Walking around the edge of pond there are very dense clouds of the little black tadpoles that I think are toad. More tadpole than water in some cases. I saw some small fingerling bass swimming around but they seemed to avoid the whole congregation. Maybe they are full or toad tadpoles don't eat very well?
Jim these are indeed the 'toad poles' of the American Toad. Yours are almost at the exact stage as the ones in my pond. Google what the adult male and female american toad look like. They all make a ruckus of calls on spring nights with air temps hit a certain point. They all then meet in the water (even though they spend their life on land) They carouse, compete, then the smaller male clings to the larger females back while eggs are laid and fertilized. Big strings of eggs lay on the bottom for about another week. The strands get larger and fuzzier as they expand and then one day there are zillions of little black toads. I think Azteca just posted a video of the little critters.
I have never had any fish try to eat them. Remember LMB eat tadpoles and frogs but these are NOT frogs, they are toads. Perhaps they release some substance that warns critters to not eat them which is wild since LMB will try to eat ANYTHING.
I always want to rake out the fall leaves and left over algae this time of year but I can't once the toad mating begins for fear of raking out the toad egg strands or later the toads tinies themselves. They do an AWESOME job of eating everything on the bottom in the shallows. They put a big dent in my shallow water algae. The bottom goes from nasty brown to clean sand by the time they are done. Then slowly they grow legs and one day they all crawl out of the pond together. If you catch this mass exodus you will see the grass moving with millions of tiny toads struggling to work their way through the grass towards the woods. They then disappear in the woods the rest of the year till that magic warm night in the spring when they all jump back in your pond!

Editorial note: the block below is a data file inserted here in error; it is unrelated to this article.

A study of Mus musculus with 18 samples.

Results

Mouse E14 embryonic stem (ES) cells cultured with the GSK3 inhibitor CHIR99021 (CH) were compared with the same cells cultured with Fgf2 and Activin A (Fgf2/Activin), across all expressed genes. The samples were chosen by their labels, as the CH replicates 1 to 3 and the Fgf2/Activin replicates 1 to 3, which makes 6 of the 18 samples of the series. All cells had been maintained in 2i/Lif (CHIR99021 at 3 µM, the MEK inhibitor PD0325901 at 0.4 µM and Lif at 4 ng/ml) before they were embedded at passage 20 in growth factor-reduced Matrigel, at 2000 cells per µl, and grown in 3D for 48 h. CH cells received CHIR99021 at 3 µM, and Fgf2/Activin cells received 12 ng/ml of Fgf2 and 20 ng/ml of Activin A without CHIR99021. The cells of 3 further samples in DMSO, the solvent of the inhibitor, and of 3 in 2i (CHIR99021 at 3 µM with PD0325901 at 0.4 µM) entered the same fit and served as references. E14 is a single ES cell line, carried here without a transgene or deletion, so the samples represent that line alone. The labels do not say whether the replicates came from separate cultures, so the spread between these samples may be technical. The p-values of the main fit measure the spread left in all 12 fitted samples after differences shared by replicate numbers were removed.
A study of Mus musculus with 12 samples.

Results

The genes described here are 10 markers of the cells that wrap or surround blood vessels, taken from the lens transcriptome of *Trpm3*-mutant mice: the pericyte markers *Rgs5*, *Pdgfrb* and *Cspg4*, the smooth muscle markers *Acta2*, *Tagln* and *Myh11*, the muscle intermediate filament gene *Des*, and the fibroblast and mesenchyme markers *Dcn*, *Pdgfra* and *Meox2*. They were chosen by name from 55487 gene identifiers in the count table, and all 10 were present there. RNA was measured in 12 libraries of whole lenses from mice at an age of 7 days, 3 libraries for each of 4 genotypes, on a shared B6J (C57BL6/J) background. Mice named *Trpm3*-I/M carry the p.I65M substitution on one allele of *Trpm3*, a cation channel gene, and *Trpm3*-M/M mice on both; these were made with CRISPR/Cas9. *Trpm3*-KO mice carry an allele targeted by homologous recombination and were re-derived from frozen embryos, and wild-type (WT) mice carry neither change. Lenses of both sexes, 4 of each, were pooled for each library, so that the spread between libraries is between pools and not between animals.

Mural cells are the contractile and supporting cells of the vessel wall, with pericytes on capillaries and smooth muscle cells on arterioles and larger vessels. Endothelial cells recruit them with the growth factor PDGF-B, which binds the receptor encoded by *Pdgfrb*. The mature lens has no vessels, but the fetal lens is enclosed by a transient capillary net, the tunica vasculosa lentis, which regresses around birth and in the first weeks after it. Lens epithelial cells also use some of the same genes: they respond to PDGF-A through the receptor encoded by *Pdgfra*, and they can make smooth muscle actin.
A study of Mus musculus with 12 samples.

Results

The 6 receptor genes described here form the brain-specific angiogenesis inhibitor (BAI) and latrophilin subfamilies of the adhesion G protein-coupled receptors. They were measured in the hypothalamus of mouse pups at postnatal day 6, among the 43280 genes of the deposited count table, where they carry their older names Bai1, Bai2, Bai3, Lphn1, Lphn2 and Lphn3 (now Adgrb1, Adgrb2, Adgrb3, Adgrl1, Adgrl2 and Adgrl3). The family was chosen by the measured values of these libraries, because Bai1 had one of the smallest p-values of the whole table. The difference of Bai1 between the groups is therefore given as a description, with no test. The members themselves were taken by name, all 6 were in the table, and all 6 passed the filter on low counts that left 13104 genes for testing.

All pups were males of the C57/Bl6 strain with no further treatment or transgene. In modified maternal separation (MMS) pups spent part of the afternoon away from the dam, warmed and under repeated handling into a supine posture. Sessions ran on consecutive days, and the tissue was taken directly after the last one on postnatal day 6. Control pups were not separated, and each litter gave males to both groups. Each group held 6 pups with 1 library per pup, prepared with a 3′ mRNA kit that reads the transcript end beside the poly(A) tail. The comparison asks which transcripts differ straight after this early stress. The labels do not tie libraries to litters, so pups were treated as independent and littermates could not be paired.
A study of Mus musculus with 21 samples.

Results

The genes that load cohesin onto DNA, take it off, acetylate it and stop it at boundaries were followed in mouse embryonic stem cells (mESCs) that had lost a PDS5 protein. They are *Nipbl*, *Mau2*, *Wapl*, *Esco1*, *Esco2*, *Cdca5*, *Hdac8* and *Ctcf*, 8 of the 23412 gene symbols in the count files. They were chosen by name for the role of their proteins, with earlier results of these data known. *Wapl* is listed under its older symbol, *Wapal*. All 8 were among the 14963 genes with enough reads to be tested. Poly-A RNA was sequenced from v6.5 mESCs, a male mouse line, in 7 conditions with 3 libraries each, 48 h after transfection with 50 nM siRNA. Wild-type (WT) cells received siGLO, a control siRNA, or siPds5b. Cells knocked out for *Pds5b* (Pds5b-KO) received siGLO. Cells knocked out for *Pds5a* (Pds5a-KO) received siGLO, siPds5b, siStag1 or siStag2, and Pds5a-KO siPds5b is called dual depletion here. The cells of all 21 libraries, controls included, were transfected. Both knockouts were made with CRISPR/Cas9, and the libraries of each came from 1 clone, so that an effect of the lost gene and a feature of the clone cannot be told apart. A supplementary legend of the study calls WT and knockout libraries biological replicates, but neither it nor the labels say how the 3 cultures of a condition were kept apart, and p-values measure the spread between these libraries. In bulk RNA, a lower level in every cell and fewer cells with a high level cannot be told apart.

1. Toads don't 'copulate', 'date' or 'mate', they 'amplex' or get into position of 'amplexus'
2. Toads secrete a predator-repelling toxin, a chemical weapon! The class of chemicals are called bufadienolides. Studies show it is wildly effective against fish and vertebrate predators but less so for invertebrate predators. The main predators of these toad-poles are backswimmers and dragon fly nymphs and then sticklebacks and newts (in that order) This probably explains why there is always tons of backswimmers and dragonfly larvae in my pond too! This is probably why the fish keep their distance.
They get eaten in my pond also. I once found a bunch in a drying up puddle and decided to save them. I put them in a bucket and dumped them in my pond which created a feeding frenzy of panfish and small Bass. Oops sorry little guys.
I don't have bass, and I have seen perch snap them up by accident when eating feed, and spit the tadpole out minus the feed.
Ever notice that the vast majority of tadpoles all swim in the same direction? 9/10 times it is counter-clockwise around the pond perimeter. Only once I saw it going the other way. I really don't know why other than to guess they start in the morning and follow as the sun heats the water in a certain direction.
yup, counter clockwise in my pond too, all day long.
Since I had pretty sizable crop of algae under my ice this year and big mats floating even at ice out I put blue/black dye in. Algae must have died or sunk as I can't see any anymore. But I miss being able to see the toads and minnows in the shallows due to the dark water tint.
The toad orgy is almost deafening in our pond. It’s hard to have a conversation when they are trilling at full volume. I wonder how far a toad will travel to participate? I am always amazed at how many toads show up for the “event”. We see a lot of toads throughout the year, but just a tiny fraction that show up on the big day. Clouds of tiny black tadpoles around the edges of our pond now. I’ll have to look closely to see what direction they are swimming. I’ll be there tomorrow. We still have thousands of the big bullfrog tadpoles swimming around also. My fish don’t touch either of the tadpoles. I’ve seen them on the dock from when the kingfisher will accidentally grab one, but spit it out.
Last edited by SetterGuy; 05/25/2208:32 AM.
8 yr old pond, 1 ac, 15' deep. RES, YP, GS, FHM (no longer), HBG (going away), SMB, and HSB (didn’t make it. 0 seen in 5 yrs) Restocked HSB (2020) I think we have survivors! I think that's about all I should put in my little pond.
We are lucky enough that the coyotes eat every toad before they can breed. The one year we did have toad tadples the birds gobbled them up along the shore. We only have the leopard frogs, and bull frogs that are faster and a bit smarter than the toads to out whit the coyotes.